By Terry Eliasen, Meteorologist, WBZ-TV Exec. Weather Producer
BOSTON - It is one of the most exciting and awe-inspiring sights on Earth. The Aurora Borealis, otherwise known as the Northern Lights. Unless you have spent a bunch of time in northern latitudes (Canada, Alaska, Arctic Circle anyone?), my guess is, most of you reading this have never seen an Aurora. Personally, I had one brief glimpse, many years ago, driving down Route 2 on my way home from work, a curtain of red magically appeared overhead. By the time I pulled over it had all but vanished.
It is very rare, living as far south as we do (relatively speaking), to see an Aurora. Typically a few times each year we will get some amazing pictures from places like Mount Washington. Several months ago, there were some sightings from Cape Ann and Cape Cod off in the far northern horizon.
There is a chance Thursday night.
I wouldn't bet the farm on it or plan my evening around it, but it is worthy of a mention.
When we try to forecast the likelihood of an Aurora sighting, we look to something called the "kp index". This comes from a German term "Planetarishe Kennziffer" meaning Planetary Index. Long story short, this is basically a measure of the geomagnetic activity in Earth's atmosphere, which gets disturbed when we are hit by solar flares.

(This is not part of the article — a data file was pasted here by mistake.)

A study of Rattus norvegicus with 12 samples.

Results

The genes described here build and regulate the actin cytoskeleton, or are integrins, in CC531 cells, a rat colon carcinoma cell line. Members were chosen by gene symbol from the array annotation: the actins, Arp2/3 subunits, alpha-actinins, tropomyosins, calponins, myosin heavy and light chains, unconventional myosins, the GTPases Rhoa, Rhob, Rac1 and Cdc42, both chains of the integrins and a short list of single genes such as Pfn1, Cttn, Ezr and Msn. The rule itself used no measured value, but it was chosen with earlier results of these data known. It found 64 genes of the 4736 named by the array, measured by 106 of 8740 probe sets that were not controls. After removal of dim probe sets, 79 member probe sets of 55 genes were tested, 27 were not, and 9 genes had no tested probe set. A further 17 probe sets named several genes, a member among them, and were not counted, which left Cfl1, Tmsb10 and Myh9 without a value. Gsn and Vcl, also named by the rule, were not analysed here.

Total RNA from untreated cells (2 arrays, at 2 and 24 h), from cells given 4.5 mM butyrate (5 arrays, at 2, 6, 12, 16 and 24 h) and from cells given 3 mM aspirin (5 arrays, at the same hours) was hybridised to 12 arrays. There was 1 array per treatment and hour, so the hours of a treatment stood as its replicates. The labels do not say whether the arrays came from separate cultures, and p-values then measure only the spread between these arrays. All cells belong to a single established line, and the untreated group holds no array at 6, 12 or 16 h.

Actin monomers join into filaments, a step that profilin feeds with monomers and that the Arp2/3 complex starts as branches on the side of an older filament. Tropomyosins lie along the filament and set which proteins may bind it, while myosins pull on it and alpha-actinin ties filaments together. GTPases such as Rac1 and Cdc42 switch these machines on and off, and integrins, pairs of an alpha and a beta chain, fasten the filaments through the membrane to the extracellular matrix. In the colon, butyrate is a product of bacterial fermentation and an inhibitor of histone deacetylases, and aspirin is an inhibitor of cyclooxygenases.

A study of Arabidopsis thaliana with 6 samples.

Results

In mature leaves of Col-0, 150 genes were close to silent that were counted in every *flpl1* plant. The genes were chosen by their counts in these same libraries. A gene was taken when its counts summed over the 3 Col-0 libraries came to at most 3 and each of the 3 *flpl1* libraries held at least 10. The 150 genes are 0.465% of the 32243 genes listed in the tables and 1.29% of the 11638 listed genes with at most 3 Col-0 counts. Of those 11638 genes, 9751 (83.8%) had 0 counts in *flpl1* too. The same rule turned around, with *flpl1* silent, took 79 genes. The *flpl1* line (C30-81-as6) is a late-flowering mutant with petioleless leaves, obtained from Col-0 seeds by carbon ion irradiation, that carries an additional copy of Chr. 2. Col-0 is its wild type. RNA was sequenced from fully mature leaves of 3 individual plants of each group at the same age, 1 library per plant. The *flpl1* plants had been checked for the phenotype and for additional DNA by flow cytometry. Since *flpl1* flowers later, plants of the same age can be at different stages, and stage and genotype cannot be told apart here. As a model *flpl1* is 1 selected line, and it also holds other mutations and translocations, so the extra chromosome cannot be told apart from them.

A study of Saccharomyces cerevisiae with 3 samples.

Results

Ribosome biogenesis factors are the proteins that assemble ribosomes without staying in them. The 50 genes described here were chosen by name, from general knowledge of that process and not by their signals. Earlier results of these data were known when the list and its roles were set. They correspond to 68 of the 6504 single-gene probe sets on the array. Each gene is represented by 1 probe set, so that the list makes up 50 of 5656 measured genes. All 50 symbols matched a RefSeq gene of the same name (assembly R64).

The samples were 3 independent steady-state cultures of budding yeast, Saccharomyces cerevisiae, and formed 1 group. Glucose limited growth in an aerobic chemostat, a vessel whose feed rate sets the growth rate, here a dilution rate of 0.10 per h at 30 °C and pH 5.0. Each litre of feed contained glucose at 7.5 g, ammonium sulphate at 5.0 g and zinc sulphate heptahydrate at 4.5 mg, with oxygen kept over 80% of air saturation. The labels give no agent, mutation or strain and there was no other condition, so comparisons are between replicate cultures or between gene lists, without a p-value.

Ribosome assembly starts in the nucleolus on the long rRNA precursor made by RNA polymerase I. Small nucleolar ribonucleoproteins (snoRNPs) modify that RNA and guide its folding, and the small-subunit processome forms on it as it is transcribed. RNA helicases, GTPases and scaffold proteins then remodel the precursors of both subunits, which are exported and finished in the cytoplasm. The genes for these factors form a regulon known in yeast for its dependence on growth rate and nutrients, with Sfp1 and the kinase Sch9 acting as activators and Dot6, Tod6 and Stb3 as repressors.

The sun ejects some matter out into space, sometimes that "stuff" heads for our planet and hits our outer atmosphere. When this happens these collisions of molecules cause various waves of color.
Well, is just so happens, that a few days ago, we had one of these solar flaresfrom the Sun and head in our direction. The best chance to see an Aurora was actually Wednesday night, but clouds in our area made it impossible to see anything. However, the astronauts aboard the International Space Station got quite a view!
These pics were posted on Twitter by Bob "Farmer" Hines.
We certainly won't see anything nearly that spectacular Thursday night. Most indications are that the activity is waning. In order for us to have a shot at seeing anything, we typically need a kp index of at least 7. Thursday night's forecast is between 4-7.
While it won't be nearly as cloudy as Wednesday night, there will be some clouds around this evening, I'd call it partly cloudy.
Bottom line, you probably aren't going to see anything Thursday night. BUT, if you happen to be up late and have a clear sky with a good view to the north, why not take a look? And, just in case, have your camera nearby. If you get lucky, send us a pic email@example.com!